HEAL begins with walking program to help fight obesity in Washington County

March 01, 2013|By CALEB CALHOUN |
  • Tia Wright carries her son Colby on a walk around the North Hagerstown High School track Friday. Wright is participating in the HEAL program that is preventing and reducing obesity in Washington County.
By Ric Dugan/Staff Photographer

A scheduled walk around the North Hagerstown High School track Saturday morning will be the first program of HEAL, a non-profit organization aimed at fighting obesity in Washington County by promoting “Healthy Eating and Active Lifestyles (HEAL).”

HEAL FitWalks will be an ongoing free walking group for all ages occurring each Saturday morning at 9:30 a.m. and lasting 30-45 minutes, HEAL executive Director Jenny Fleming said.

“I hope this is an initial step for HEAL to start getting people to be active,” Fleming said. “Because of statistics that just came out, the data for Washington County is showing the prevalence of obesity in our community.”

Meritus Health’s 2012 Community Health Needs Assessment showed that 72 percent of Washington County adults are obese or overweight, according to a press release from HEAL, and the 2009 Maryland Pediatric Nutrition Surveillance survey showed 30 percent of low-income preschoolers (2-4 years old) in Washington County to be obese.

HEAL was established as a direct response to Goal No. 24 in the Strategic Community Impact Plan (SCIP), which is to decrease the obesity rate in children and adults by increasing physical activity and healthy eating. SCIP is a document presented by the Community Foundation of Washington County and the United Way of Washington County to “identify, prioritize, and respond to community needs” using the public and private sectors to “improve the quality of life in Washington County.” 

Fleming said that the organization will begin more programs in the future, including an awareness campaign to educate people about the amount of sugar in certain drinks. The walks, which will be held at North Hagerstown High School’s track in March before likely moving to Fairgrounds Park, are a way for HEAL to “get the ball rolling” for its focus on obesity and “healthy living.”

“It seemed like the most logical thing to do was to start off with a walking program,” Fleming said. “Walking is very simple to do, anyone can do it, it’s applicable to all ages, and the benefits are numerous.”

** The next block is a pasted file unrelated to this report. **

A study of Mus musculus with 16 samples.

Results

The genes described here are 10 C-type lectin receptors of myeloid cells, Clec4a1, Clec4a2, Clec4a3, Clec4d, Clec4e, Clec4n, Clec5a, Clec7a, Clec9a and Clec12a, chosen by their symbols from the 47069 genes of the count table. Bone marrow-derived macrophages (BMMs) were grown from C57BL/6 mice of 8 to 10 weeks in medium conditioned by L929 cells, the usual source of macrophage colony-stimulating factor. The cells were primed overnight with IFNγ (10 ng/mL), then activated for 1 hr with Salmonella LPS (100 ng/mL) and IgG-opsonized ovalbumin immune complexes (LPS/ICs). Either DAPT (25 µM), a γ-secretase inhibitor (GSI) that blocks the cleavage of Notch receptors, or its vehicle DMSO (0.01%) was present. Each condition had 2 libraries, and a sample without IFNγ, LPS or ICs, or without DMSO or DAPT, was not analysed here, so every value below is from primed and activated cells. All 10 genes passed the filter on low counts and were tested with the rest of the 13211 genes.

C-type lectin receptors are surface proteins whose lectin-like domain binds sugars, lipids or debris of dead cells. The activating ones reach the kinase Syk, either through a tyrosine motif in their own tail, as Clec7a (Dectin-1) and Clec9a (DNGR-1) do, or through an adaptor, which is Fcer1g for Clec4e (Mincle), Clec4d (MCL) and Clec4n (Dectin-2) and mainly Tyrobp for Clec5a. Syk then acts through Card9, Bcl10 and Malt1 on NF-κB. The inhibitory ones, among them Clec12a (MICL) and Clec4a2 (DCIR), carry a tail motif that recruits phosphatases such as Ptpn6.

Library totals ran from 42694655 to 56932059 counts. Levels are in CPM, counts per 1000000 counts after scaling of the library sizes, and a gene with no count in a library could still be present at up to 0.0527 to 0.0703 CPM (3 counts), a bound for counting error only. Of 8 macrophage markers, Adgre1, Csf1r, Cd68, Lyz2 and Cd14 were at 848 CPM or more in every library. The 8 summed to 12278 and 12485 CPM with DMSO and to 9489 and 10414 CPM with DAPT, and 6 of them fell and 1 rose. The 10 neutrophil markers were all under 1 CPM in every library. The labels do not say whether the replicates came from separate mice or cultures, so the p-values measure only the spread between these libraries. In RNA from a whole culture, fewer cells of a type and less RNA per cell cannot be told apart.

More than 30 participants have signed up to take part in the walk, according to Fleming.

Tia Wright, 32, of Hagerstown, said that she will be doing the walk with her husband, stepson, mother, two friends, and her 1-year old son Colby, who will be carried in a baby backpack by either her or her husband, making the walk a social activity as well as a healthy one.

“It’s camaraderie and holding people accountable to their goals and my goals as well,” she said. “I decided to get involved so that I could do something with my free time that would involve my family and friends who wanted to become healthy as well.”

Wright, who works as a nurse at Frederick Memorial Hospital, said that HEAL is exactly what she was looking for to help promote healthy lifestyles.

“I have a strong belief that healthy eating and active living can decrease the cause of many disease processes,” she said.

The walk will be lead by area fitness professionals, who will eventually set goals for the participants, according to Fleming. The professionals will lead the participants in warm-up routines, give them motivation, and show them walking techniques.

Dave Ruff, owner of Ruff Fitness Training Center in Hagerstown and one of the program’s leaders, said that although walking is supposed to be a natural movement, many people have actually forgotten how to “move properly” because their lifestyles include irregular or no physical activity.

“We sit and watch TV, and we sit in long commutes in the car, and we sit and play video games,” he said. “All that sitting tightens up your hip flexors and weakens other muscles, and suddenly we’re not able to move the way we’re supposed to be able to.”

Ruff added that the Saturday walk is meant to be a “support system” for the participants but that he hopes to get people walking on a daily basis and reporting back to the trainers on a weekly basis.

Local fitness expert Chad Smith, who is also a leader in the program, said that its overall goal is to get people involved in physical activities in a “non-intimidating way.”

“We’re not going to ask you to go to the gym or pick up weights,” he said. “We’re just asking you to do something naturally, just to walk with us.”